Today, and for the first time since New York police evicted Occupy Wall Street from Zuccotti Park in lower Manhattan on November 15, 2011, the Occupy Wall Street Screenprinters returned to Zuccotti, also known as Liberty Park, to print designs and show solidarity with the protesters of #OccupyGeziNYC.
Julie Goldsmith and David Yap, both of OWS Screenprinters, were in the park printing t-shirts or anything people requested to be screenprinted with their two designs, one which featured a riff on Milton Glaser’s I ♥ NY logo and the other of the now infamous photograph by Reuters photographer Osman Orsal that shows a Turkish police officer dosing a woman in a red dress with tear gas.
“During the winter we couldn’t print outdoors but we’ve been at other events, like Occupy Times Square,” Goldsmith told Hyperallergic. “But since we’re all back at Zuccotti it makes sense to be here with our comrades.”
The OWS group will also be at New York’s Museum of Modern Art (MoMA) every Friday as part of the Exchange Cafe that began on May 24 and continues until June 30 at the Lewis B. and Dorothy Cullman Education Building.
Screenprinters have been a part of the Occupy movement since its inception in September 2011. Since those early days they have been a driving force in the visual culture of a movement that has since morphed into a decentralized and unaffiliated global activist network that includes #OccupyGezi in Turkey.
This afternoon’s #OccupyGeziNYC event was more inclusive and festive than last week’s protest in the park, and it featured a solidarity action with AKNY-Greek Solidarity Movement, a leftist Greek democratic group, which was greeted with cheers from protesters.
“The people of Greece and Turkey share all the squares around the world,” the AKNY spokesperson said during her short speech at the gathering.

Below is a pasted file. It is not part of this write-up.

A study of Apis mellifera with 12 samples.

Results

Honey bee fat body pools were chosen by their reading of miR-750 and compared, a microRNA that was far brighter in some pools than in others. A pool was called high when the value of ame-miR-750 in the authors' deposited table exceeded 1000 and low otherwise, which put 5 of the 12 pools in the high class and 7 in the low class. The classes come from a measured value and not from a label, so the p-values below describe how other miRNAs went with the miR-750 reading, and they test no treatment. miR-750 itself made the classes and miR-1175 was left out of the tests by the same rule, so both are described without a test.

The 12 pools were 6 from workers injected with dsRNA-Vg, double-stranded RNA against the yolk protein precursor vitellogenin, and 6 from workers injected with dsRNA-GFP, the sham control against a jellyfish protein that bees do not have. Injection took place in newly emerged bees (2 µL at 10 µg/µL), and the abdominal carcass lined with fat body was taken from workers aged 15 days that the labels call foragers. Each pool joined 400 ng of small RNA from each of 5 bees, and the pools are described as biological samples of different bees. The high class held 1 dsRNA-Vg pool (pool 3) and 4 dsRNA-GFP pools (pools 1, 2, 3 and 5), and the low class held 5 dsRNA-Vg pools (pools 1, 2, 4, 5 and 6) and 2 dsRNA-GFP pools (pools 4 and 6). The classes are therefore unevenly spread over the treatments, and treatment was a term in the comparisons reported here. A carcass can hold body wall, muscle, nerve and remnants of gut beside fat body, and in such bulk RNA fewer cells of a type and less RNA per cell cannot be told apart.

A protest organizer, who addressed the crowd in typical Occupy mic check style, announced a number of points that came across as objectives of the protest, including a halt to the demolition of Gezi Park, a halt to the use of tear and other gases in Turkey and around the world, the release of political prisoners, and a guarantee of the right to protest in all squares and public spaces.
There were signs that protest organizers were able to attract a broader swathe of support this week than last, which was demonstrated by the large array of Occupy signs and supporters, a sign of support from an Iranian protester, and a sign in Armenian, held by a non-Armenian man, professing a global battle for human rights around the world. Estimates for the number of protesters at the Saturday event range from 700, a Hyperallergic estimate, to 2,000.
The protest continued from Zuccotti to Union Square, where protesters gathered to continue their chants of support for #OccupyGezi.
The Los Angeles-based photographer offers an updated version of the mythologized American cowboy, calling rodeos “the traditional drag of America.”
At its core Line Berg’s Fra Far manifests the anguish of a family whose loved one is convicted of a serious crime.
The Newark Museum of Art Presents Jazz Greats: Classic Photographs from the Bank of America Collection
Photographers Antony Armstrong Jones, Milt Hinton, Chuck Stewart, Barbara Morgan, and more capture a breadth of legendary and local musicians and performance artists. On view through August 21.
At first, simply watching people read In Search of Lost Time might seem dull; by the end, you’ll be itching to read or reread it yourself.
Duniyana Al-Amour was one of at least 44 Palestinians killed in Israel’s latest attack on Gaza.
Art and photographs, publications from the 19th and 20th centuries, manuscripts, posters and more are set to cross the auction block on August 18.
It is the first national museum in England to agree to restitute looted Benin items, increasing pressure on the British Museum to do the same.
The footprints, discovered on the salt flats of a US Air Force training site, are believed to date back to the last Ice Age.
An extraordinary variety of artists came to Jon Swihart and Kim Merrill’s backyard potlucks, discussing not just their work, but also the events and challenges of their lives.
With A Lion for Every House at the Art Institute of Chicago, Floating Museum riffs wildly on the art rental programs of some museums.
A Thing for the Mind takes Philip Guston’s 1978 painting “Story” as a starting point to examine the myriad ways in which this piece has filtered into the work of other painters.